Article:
Texas Republican legislators’ attempt to rush through a controversial voting bill before the end of the legislative session was stopped in its tracks by a surprise Democrat walk-out, denying a quorum.
Senate Bill 7 (SB7) would enact a major overhaul of the electoral process in Texas. Written along lines not unlike those of similar bills passed in Georgia and Florida, it became a focal point for partisan clashes on the state and federal levels. Republicans said the reform was meant to protect the integrity of elections from fraud, while Democrats said it was meant to suppress the vote of black Texans, with some branding it the “new Jim Crow,” in reference to the system of legal discrimination of black people that was in force in many states before the mid-1960s.
The Democrats’ initial plan was to stall until the midnight deadline with speeches against the bill, but “it became obvious Republicans were going to cut off debate to ram through their vote suppression legislation,” House Democratic chairman Chris Turner said in a statement later. “At that point, we had no choice but to take extraordinary measures to protect our constituents and their right to vote.”
Republicans have only themselves to blame for the way this Session is ending.
As the debate continued, he instructed members of the Democratic caucus to discreetly leave the chamber and the building. With dozens of lawmakers trickling out, the 150-seat body didn’t have the quorum. Two-thirds of the House members have to be present to take a vote. Republican Speaker Dade Phelan adjourned the session and later lashed out at the Democrats, accusing them of dereliction of duty.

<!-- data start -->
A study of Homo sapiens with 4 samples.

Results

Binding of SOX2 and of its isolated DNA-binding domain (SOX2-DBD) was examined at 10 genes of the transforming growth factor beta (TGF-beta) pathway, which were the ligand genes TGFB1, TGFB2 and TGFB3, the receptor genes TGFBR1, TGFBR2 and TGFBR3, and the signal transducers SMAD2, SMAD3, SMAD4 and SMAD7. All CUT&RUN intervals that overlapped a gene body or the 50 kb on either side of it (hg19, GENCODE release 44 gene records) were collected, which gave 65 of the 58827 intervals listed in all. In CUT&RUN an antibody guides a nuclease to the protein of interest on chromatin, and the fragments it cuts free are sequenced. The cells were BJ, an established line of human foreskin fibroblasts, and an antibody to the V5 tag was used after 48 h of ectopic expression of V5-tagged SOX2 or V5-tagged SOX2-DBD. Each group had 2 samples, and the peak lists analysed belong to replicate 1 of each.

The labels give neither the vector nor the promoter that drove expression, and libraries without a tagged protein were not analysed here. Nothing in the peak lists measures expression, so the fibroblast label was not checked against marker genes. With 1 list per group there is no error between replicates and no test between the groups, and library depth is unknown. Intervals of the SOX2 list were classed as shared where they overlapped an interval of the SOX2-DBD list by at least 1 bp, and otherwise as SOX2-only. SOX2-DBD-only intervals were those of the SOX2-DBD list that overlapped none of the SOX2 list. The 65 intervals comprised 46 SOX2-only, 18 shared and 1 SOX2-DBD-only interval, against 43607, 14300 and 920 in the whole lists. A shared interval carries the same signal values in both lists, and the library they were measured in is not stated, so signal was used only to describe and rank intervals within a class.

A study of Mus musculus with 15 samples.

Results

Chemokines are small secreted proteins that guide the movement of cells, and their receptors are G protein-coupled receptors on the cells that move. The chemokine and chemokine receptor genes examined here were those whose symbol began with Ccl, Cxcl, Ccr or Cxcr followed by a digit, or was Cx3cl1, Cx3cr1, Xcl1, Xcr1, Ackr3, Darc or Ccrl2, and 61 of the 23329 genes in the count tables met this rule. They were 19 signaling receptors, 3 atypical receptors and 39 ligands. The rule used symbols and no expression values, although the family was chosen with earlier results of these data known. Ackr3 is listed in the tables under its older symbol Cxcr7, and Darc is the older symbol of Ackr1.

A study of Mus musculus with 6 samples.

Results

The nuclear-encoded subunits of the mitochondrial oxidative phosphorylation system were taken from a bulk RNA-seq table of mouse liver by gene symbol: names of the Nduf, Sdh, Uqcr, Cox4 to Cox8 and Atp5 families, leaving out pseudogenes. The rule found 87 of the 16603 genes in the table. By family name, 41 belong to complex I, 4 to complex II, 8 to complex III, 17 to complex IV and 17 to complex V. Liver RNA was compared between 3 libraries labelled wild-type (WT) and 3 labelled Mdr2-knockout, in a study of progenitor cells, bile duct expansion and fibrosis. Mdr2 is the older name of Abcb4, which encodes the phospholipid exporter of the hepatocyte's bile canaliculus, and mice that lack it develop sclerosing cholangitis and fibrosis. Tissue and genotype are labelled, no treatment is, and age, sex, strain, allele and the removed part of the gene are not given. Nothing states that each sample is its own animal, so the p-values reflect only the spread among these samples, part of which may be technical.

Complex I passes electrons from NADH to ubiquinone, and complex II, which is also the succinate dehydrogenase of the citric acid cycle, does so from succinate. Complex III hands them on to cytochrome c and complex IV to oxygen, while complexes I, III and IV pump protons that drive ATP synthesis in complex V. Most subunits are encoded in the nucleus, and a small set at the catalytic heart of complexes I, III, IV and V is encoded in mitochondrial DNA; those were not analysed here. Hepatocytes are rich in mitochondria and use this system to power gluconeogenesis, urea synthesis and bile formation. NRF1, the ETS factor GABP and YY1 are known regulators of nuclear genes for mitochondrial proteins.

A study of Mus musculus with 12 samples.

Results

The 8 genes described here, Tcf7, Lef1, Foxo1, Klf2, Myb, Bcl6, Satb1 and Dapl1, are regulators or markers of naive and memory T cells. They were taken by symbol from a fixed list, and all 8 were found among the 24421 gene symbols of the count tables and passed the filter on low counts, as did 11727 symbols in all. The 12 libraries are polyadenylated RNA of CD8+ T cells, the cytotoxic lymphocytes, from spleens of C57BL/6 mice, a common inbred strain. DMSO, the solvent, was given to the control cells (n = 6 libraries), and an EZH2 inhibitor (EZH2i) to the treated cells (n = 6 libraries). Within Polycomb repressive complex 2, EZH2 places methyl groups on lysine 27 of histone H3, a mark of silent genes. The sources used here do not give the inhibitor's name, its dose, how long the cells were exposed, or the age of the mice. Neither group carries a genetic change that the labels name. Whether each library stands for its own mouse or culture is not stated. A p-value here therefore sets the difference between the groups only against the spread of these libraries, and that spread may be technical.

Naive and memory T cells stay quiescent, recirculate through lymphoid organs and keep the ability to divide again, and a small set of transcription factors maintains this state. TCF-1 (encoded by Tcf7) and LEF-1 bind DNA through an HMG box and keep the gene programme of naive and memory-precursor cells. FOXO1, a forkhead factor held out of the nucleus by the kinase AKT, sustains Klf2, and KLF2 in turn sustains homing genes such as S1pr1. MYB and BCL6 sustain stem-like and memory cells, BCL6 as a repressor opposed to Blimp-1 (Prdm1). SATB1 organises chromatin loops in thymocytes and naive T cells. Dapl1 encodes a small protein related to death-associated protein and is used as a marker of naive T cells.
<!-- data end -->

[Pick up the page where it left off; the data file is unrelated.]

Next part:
The runaway lawmakers “killed a number of strong, consequential bills with broad bipartisan support,” Phelan said in a statement. “Texans shouldn’t have to pay for the consequences of these members’ actions – or in this case inaction.”
Election Integrity & Bail Reform were emergency items for this legislative session.
They STILL must pass.
They will be added to the special session agenda.
Legislators will be expected to have worked out the details when they arrive at the Capitol for the special session.
— Greg Abbott (@GregAbbott_TX) May 31, 2021
The clash over SB7 escalated on the weekend after a slew of last-minute changes were proposed by a conference committee following a behind-closed-doors discussion over the past week. The changes introduced additional rules that were not part of the previous versions of the bill, which were passed by both the House and the Senate.
These older versions differed significantly from each other. On Sunday, both chambers were supposed to pass a unified text that would then be signed by Governor Abbott. A marathon debate in the Senate, where Democrats objected to the changes and the fact that they were not given enough time to review them properly, ended with a victory for the GOP, after SB7 was approved overnight.